Study finds deadly bacteria with ‘thirst for human blood’

PORTLAND, Ore. (KOIN) – A research team led by Washington State University has discovered a phenomenon in which some of the world's deadliest bacteria feed on human blood.

The researchers found that the bacteria are attracted to the liquid part of blood, which has nutrients they can use as food, in a phenomenon they called "bacterial vampirism."

According to the researchers, this study could lead to innovations in medicine to help treat people with bloodstream infections.


“Bacteria infecting the bloodstream can be lethal,” said Arden Baylink, a professor at WSU’s College of Veterinary Medicine and corresponding author for the research. “We learned some of the bacteria that most commonly cause bloodstream infections actually sense a chemical in human blood and swim toward it.”

Researchers found at least three types of bacteria – Salmonella enterica, Escherichia coli and Citrobacter koseri – are attracted to human blood.

These bacteria are also a leading cause of death for people with inflammatory bowel diseases, and patients often experience intestinal bleeding that can act as entry points for the bacteria to enter the bloodstream, the university explained.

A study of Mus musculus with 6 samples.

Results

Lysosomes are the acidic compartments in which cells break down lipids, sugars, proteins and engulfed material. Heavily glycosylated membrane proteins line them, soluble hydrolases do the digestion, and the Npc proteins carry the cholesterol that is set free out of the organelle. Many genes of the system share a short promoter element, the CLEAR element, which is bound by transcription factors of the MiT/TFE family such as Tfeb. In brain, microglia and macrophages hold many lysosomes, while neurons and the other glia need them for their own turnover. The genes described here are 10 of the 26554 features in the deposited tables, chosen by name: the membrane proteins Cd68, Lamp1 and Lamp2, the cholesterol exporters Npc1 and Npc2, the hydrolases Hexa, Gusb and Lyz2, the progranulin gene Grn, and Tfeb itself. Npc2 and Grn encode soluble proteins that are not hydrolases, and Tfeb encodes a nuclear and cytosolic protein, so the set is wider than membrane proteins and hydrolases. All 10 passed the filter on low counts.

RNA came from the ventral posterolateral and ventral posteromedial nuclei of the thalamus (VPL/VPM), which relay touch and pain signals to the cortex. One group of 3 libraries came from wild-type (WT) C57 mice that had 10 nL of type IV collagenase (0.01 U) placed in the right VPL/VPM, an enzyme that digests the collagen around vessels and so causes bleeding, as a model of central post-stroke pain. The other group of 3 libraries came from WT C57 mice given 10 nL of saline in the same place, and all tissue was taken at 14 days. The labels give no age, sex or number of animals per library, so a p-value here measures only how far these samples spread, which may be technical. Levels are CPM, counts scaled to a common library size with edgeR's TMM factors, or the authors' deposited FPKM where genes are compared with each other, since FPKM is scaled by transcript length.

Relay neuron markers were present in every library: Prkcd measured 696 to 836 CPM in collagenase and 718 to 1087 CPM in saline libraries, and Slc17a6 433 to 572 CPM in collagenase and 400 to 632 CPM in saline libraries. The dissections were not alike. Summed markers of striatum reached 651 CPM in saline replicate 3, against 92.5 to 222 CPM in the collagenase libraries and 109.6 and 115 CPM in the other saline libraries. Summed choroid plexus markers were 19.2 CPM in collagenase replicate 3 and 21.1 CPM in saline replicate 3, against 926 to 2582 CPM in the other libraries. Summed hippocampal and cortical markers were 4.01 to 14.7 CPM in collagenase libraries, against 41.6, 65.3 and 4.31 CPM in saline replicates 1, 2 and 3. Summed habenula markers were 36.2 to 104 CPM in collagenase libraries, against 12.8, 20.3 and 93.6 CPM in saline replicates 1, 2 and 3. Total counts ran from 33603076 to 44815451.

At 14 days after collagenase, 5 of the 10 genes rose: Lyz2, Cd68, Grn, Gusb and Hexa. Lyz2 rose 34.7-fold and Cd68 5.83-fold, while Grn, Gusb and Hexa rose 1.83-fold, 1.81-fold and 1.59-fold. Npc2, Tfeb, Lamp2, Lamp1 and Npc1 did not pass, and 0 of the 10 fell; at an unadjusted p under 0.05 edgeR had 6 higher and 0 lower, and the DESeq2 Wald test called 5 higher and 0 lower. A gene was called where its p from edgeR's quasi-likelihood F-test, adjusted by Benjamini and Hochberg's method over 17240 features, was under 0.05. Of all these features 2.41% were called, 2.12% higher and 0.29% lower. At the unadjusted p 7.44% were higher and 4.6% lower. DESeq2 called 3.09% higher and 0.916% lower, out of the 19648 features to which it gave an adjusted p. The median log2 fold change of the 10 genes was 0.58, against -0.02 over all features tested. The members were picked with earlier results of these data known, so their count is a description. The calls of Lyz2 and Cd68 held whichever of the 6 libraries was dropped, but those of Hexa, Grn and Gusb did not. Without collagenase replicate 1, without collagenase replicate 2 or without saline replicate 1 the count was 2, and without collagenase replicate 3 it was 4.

Using a high-powered microscope designed by Baylink, the team simulated intestinal bleeding by injecting microscopic amounts of serum and watching bacteria navigate to the source.

“The response is rapid — it takes less than a minute for the disease-causing bacteria to find the serum,” WSU said.


“By learning how these bacteria are able to detect sources of blood, in the future we could develop new drugs that block this ability. These medicines could improve the lives and health of people with IBD who are at high risk for bloodstream infections,” Glenn said.

The study was published in the journal eLife and funded by WSU and the National Institute of Allergy and Infectious Diseases.

WSU mathematician Tom Asaki, and University of Oregon scientists Zealon Gentry-Lear, Michael Shavlik, and Michael Harms contributed to the research.